Lobelia

The genus "Lobelia" is made up of as many different species as there are days in the year.

haning lobelia plant

Photo: Jin Aili

They prefer afternoon shade, and they need to be cut back if they get leggy.

The genus “Lobelia” is made up of as many different species as there are days in the year.

The large genus of annual and perennial plants contains many that are native to North America. The showiest of the perennial natives are the tall red blooming “Lobelia cardinals” and the tall blue “Lobelia siphilitica.” These bloom from summer to early fall, like a little acidity, average to damp soil and full to part sun. They are perfect on the edge of woodland near some evergreens.

There is also a new rose pink variety “Lobelia Monet Moment” with three-foot flower spikes in August. Annual, low growing lobelia plants are used to edge garden beds and are available in blues, whites and pinks. English gardens often intersperse this lobelia with annual alyssum to create a lacy romantic effect.

They prefer afternoon shade, and they need to be cut back if they get leggy. Keep them well watered but be sure their spot drains well. They often suck in hot dry summer heat but recover as the weather cools. The intense blue of the annual “Lobelia Crystal Palace” combines well with other plants in containers.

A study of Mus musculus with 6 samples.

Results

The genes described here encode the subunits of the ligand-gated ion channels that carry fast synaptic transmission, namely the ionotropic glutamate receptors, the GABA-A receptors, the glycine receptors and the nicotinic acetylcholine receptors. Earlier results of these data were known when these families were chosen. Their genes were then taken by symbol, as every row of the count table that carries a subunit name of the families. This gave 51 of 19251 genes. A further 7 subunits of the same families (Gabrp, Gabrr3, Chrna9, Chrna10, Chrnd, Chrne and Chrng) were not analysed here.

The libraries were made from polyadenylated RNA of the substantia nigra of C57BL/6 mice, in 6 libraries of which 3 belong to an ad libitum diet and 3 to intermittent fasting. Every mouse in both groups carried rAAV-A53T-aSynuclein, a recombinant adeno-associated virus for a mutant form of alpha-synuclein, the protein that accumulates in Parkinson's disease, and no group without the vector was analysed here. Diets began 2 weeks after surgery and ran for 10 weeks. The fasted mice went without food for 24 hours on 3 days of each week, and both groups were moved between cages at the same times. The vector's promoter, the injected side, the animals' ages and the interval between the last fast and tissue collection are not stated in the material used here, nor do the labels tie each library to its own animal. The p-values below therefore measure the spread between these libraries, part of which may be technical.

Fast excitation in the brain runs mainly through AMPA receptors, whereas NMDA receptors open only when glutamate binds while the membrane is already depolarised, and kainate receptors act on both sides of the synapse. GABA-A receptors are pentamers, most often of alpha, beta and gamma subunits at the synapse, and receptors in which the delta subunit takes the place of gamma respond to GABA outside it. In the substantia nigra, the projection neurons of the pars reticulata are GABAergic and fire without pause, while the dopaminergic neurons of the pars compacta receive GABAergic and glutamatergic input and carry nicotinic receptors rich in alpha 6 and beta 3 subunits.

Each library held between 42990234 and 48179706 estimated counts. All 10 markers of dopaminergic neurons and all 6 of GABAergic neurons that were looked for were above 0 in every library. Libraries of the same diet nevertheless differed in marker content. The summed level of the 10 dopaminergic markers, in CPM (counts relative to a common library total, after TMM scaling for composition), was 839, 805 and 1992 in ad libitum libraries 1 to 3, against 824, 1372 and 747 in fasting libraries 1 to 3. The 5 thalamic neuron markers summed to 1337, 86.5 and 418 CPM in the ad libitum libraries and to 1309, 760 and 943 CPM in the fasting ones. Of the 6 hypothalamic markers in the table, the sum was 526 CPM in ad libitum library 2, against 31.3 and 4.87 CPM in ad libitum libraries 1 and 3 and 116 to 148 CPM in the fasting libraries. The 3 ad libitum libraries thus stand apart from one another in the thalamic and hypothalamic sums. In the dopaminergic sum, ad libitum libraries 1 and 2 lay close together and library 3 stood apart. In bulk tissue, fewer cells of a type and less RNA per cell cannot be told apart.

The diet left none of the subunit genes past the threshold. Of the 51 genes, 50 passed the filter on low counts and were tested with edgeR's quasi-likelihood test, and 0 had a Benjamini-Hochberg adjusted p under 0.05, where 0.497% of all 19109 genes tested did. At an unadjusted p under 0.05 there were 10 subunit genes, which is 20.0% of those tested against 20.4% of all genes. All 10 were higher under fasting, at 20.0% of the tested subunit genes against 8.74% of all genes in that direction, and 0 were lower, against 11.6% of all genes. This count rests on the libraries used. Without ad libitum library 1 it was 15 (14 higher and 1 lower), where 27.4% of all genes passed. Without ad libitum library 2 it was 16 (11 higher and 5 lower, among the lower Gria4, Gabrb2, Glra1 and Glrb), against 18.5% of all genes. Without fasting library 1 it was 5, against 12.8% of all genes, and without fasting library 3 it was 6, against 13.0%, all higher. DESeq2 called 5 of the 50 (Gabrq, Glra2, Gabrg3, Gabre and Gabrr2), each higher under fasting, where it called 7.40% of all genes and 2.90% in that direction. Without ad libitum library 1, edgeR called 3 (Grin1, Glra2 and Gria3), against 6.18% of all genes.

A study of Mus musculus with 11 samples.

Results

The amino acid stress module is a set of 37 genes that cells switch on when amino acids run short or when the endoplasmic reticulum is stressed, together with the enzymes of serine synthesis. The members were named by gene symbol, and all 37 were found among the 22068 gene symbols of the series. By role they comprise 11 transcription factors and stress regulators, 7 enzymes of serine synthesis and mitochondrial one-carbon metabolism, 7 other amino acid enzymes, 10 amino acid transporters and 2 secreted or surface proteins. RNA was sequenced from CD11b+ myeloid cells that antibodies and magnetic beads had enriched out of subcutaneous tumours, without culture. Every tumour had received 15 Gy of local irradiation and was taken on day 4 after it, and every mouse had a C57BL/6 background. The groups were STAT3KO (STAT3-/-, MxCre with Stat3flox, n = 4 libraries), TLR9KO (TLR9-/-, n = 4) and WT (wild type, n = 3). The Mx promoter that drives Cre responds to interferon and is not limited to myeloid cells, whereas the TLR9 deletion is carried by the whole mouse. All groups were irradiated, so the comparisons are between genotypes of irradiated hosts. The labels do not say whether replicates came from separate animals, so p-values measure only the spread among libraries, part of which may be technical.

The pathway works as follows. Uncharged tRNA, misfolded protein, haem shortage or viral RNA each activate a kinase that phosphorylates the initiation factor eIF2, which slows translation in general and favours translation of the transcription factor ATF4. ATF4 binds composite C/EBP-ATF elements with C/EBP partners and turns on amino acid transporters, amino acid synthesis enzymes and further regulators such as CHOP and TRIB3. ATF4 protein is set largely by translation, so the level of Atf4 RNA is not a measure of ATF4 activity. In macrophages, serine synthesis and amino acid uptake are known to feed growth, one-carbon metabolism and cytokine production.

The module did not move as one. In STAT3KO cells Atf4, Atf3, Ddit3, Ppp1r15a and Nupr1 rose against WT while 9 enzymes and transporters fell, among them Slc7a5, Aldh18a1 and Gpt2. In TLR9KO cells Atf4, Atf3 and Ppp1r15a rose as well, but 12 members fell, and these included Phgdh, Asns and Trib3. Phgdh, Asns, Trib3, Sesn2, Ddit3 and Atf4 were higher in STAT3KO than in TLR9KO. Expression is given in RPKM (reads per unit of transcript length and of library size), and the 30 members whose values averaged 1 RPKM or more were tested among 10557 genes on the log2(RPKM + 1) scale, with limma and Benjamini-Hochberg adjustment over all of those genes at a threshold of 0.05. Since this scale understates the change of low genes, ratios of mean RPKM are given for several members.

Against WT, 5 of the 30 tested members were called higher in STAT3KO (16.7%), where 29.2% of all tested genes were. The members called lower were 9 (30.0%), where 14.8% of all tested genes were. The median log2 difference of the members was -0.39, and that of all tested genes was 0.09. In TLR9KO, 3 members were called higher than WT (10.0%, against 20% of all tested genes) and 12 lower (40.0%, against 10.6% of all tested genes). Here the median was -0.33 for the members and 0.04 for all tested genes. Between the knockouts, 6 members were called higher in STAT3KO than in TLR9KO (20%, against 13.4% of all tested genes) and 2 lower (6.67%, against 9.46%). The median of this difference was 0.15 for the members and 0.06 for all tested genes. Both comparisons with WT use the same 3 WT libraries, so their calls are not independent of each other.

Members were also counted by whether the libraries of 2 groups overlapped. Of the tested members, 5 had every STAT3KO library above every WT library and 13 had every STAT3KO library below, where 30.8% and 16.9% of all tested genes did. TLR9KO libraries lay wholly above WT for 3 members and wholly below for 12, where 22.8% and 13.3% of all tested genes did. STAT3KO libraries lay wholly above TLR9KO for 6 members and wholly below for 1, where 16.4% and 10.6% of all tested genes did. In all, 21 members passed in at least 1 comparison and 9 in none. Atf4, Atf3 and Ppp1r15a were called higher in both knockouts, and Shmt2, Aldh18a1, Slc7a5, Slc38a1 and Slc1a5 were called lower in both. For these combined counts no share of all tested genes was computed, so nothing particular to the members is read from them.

Jo Packham wrote, “If you like flowers, give them. If you love flowers, grow them.”

Moya Andrews

, originally from Queensland, Australia, served as Vice Chancellor for Academic Affairs and Dean of the Faculties at Indiana University until 2004. In the same year, Moya began hosting Focus on Flowers for WFIU. In addition, Moya does interviews for Profiles, is a member of the Bloomington Hospital Board, and authored Perennials Short and Tall from Indiana University Press.